By Juan Cole | (Informed Comment)
The Times of Baghdad (al-Zaman) reports that fighters of the Daesh (ISIL, ISIS) terrorist group raised their black flags over the central government building in Ramadi on Friday. The city, just sixty miles due west of Baghdad, is the capital of al-Anbar Province. Daesh announced their victory with megaphones at all the major mosques, having taken control of most of its neighborhoods. Government troops fled the city and repositioned outside it, facing continued attacks.
Ramadi police report that Daesh fighters attacked the government HQ on Thursday night with vehicle bombs driven by kamikazis, once a huge earth mover had broken down the walls. The deputy police chief was wounded. Fighting continued on Friday in some parts of the city. Just to the west of Ramadi lies an army HQ, which the Iraqi military still controls.
Daesh has been trying to take Ramadi for the past year, and in a concerted way since April, and had established a firm presence in the northern suburbs. Some 130,000 residents have fled. The organization recently lost Tikrit in Salahuddin Province north of Baghdad, and has had difficulty keeping the refining city of Beiji north of Tikrit. It needed a victory, and solidly Sunni al-Anbar Province, most of which it already controls, was the place it could make its advance.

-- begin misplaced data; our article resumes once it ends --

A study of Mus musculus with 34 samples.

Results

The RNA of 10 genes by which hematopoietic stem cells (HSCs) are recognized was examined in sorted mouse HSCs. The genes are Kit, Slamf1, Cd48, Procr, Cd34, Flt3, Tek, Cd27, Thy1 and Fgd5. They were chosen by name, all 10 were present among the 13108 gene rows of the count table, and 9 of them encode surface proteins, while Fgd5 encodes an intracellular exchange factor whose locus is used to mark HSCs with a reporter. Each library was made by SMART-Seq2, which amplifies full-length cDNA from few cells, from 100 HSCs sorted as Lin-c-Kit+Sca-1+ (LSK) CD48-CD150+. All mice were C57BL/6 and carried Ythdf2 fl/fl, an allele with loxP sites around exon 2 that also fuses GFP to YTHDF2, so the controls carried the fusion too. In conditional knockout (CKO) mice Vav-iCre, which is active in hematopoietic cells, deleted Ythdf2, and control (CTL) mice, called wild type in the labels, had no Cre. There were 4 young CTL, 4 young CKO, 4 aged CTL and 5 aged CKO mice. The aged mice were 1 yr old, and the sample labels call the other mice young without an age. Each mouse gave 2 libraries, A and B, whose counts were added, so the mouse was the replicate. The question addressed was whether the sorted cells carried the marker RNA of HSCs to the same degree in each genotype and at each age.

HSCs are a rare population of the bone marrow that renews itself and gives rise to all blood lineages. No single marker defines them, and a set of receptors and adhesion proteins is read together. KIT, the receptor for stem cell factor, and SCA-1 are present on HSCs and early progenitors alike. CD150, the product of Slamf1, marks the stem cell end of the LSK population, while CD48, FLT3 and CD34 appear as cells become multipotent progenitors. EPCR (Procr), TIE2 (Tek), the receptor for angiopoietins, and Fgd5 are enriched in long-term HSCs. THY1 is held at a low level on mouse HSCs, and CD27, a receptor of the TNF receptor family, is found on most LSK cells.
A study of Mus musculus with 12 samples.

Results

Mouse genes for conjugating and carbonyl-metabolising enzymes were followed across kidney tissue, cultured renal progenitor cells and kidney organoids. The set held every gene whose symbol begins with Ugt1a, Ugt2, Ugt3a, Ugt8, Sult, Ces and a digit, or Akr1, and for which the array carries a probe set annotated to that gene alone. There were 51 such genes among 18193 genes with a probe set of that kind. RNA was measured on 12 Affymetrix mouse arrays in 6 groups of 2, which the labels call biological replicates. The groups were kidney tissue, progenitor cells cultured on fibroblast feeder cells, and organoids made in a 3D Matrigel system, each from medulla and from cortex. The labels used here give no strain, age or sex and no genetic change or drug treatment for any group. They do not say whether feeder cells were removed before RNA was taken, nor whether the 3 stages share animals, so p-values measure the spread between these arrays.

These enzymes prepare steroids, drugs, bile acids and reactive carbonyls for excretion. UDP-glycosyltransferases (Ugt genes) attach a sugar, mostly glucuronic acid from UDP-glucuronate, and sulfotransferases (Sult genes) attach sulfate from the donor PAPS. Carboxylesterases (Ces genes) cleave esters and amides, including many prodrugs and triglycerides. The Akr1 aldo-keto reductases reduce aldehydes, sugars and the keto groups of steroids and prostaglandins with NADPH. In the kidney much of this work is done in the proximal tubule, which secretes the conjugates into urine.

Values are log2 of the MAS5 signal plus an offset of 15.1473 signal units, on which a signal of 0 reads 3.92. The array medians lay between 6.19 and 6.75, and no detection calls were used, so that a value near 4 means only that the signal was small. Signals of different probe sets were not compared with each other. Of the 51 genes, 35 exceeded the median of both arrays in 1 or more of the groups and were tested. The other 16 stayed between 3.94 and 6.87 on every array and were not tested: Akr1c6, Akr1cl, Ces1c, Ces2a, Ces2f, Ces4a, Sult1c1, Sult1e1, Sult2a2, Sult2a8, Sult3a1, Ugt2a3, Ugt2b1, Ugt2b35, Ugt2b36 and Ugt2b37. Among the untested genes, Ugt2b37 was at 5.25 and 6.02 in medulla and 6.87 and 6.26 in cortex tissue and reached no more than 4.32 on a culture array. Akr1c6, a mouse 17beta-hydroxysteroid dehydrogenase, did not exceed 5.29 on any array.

An Iraqi officer said he had warned late on Thursday that without army reinforcements from Baghdad and without close air support from the US-led coalition that has been bombing Daesh elsewhere in the country, the city would shortly be lost.
Some of the problems Iraqi Prime Minister Haydar al-Abadi may be having keeping Ramadi may stem from his rift with some of the Shiite militias, who did the heavy lifting in the assault on Tikrit. Some of them have retired from the battlefield in anger because they were criticized for acting like Shiite extremists. But Sunni tribes in the Ramadi region eager to fight Daesh also complained that they have never received promised government weapons and that the government seems to be afraid to arm them.
Why exactly the Iraqi forces in Ramadi could not get reinforcements or air support is not clear. The Iraqi army also does have helicopter gunships, which appear also not to have been deployed, despite the fighting being near the capital.
The Daesh fighters characterize the Shiite-dominated Iraqi government as “Safavid,” referring to an early modern Shiite Iranian empire that ruled Iraq for 40 years in the late 1500s and early 1600s. They announced that they had taken the “Safavid police HQ.” In fact, Many police and pro-government forces in Ramadi are Sunni, and in any case the elected Iraqi government simply reflects the country’s Shiite majority.
If Daesh can keep Ramadi, al-Zaman points out, it will have two provincial capitals (it has had Mosul, capital of Ninevah Province, since last June).